There's money out there. Maybe money for what you want to do.
This article presents an overview of the grant (Federal and private) process and resources necessary to find and apply for funding.
Get Focused First
Before you even start looking for a funding source, do some hard, in-depth planning and analysis of your proposed project. All Federal (public) and non-government (private) funding sources demand a precise, brief, and clear presentation explaining:
- The existing problem or problems your project will address.
- The expected the results - long and short-term.
- The project's organization, staffing, budgetary needs, and costs of implementation.
In short, having the entire project well mapped out will not only help you get a grant, but also in selecting potential funding sources that offer enough money, and support projects like or related to yours. (For example, don't bother approaching the USDA with a project to control substance abuse.)
The Association for Supervision and Curriculum Development has developed this excellent list of "Ten Things You Should Do Before You Write a Grant Proposal" aimed at the project planning phase.
Consider Non-Government Sources First
Straight out, Federal grants are not easy to get. Depending on the subject area, scope, and plain old expense of the proposed project, non-government grants may be a better choice. Some typical examples include:
- Community foundations working mainly on local projects
(San Francisco Foundation, Boston Foundation, etc.)
- Corporate foundations
(Coca Cola Foundation, AT&T Foundation, etc.)
- National Foundations
(Ford Foundation, Kellogg Foundation, etc.)
Two great Web sources for finding information on private foundations and grants are:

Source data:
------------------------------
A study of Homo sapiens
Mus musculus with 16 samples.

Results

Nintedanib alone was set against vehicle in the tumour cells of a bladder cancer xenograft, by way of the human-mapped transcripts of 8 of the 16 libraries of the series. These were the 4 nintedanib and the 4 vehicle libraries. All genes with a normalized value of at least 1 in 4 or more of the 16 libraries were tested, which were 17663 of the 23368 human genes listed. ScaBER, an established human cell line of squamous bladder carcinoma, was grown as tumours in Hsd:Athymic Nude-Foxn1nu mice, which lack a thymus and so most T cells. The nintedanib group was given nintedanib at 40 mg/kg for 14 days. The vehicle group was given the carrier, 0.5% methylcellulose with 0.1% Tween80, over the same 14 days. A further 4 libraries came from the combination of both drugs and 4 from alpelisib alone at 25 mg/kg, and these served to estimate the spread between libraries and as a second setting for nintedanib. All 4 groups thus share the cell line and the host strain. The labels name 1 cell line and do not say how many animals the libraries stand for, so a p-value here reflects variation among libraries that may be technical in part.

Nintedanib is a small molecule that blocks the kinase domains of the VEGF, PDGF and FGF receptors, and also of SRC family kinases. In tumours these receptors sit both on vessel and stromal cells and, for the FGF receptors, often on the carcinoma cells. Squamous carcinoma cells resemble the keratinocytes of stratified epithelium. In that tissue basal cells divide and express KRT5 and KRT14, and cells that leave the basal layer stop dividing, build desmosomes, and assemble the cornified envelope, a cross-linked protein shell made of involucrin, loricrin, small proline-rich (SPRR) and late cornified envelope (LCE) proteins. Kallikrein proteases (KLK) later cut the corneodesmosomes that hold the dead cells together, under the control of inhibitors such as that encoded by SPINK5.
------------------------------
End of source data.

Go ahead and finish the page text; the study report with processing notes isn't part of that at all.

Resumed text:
Nonprofit Charitable Organizations On Mining Co.
Mining Co. Guide, Stan Hutton has developed great lists of grant finding and getting tools on his Information About Grant Proposals and Information about Foundations pages.
The Funding Center
One of the top Web-based sources of information on private, community, and corporate funding sources.
By far the best single source of information about Federal grants is the Catalog of Federal Domestic Assistance (the CFDA). In this 1000+ page mega-book you'll find information on all 1,386 grant, loan, loan guarantee, service, information, scholarship, training, and insurance programs administered by the Federal Government.
The Health and Human Services Department provides a great service to grant-seekers in this online version of the CFDA. Here you will find programs neatly indexed and searchable alphabetically, by department or agency, subject, or target group.
With each program, you get a complete description that includes everything you need to know to prepare and apply for it.
You should also look at the Types of Assistance page explaining each of the 15 types of Federal assistance programs available.
My own US Government Grants NetLinks page offers direct links to grant and funding information from several Federal agencies.
Proposal Writing: Internet Resources
A great list of online assistance from The University of Wisconsin-Madison Memorial Library -- a great source of information itself.
About Grants for Starting a Business
Many Federal agencies offer grants and other programs directly benefiting new or existing small businesses. For direct links to grant and funding information from various Federal agencies, see the US Government Grants NetLinks page.
The SBA (Small Business Administration) currently has no funding available in the form of outright grants. They have in the past and probably will again, but not right now. However, SBA does offer the low interest SBA loans programs which help open thousands of businesses every year.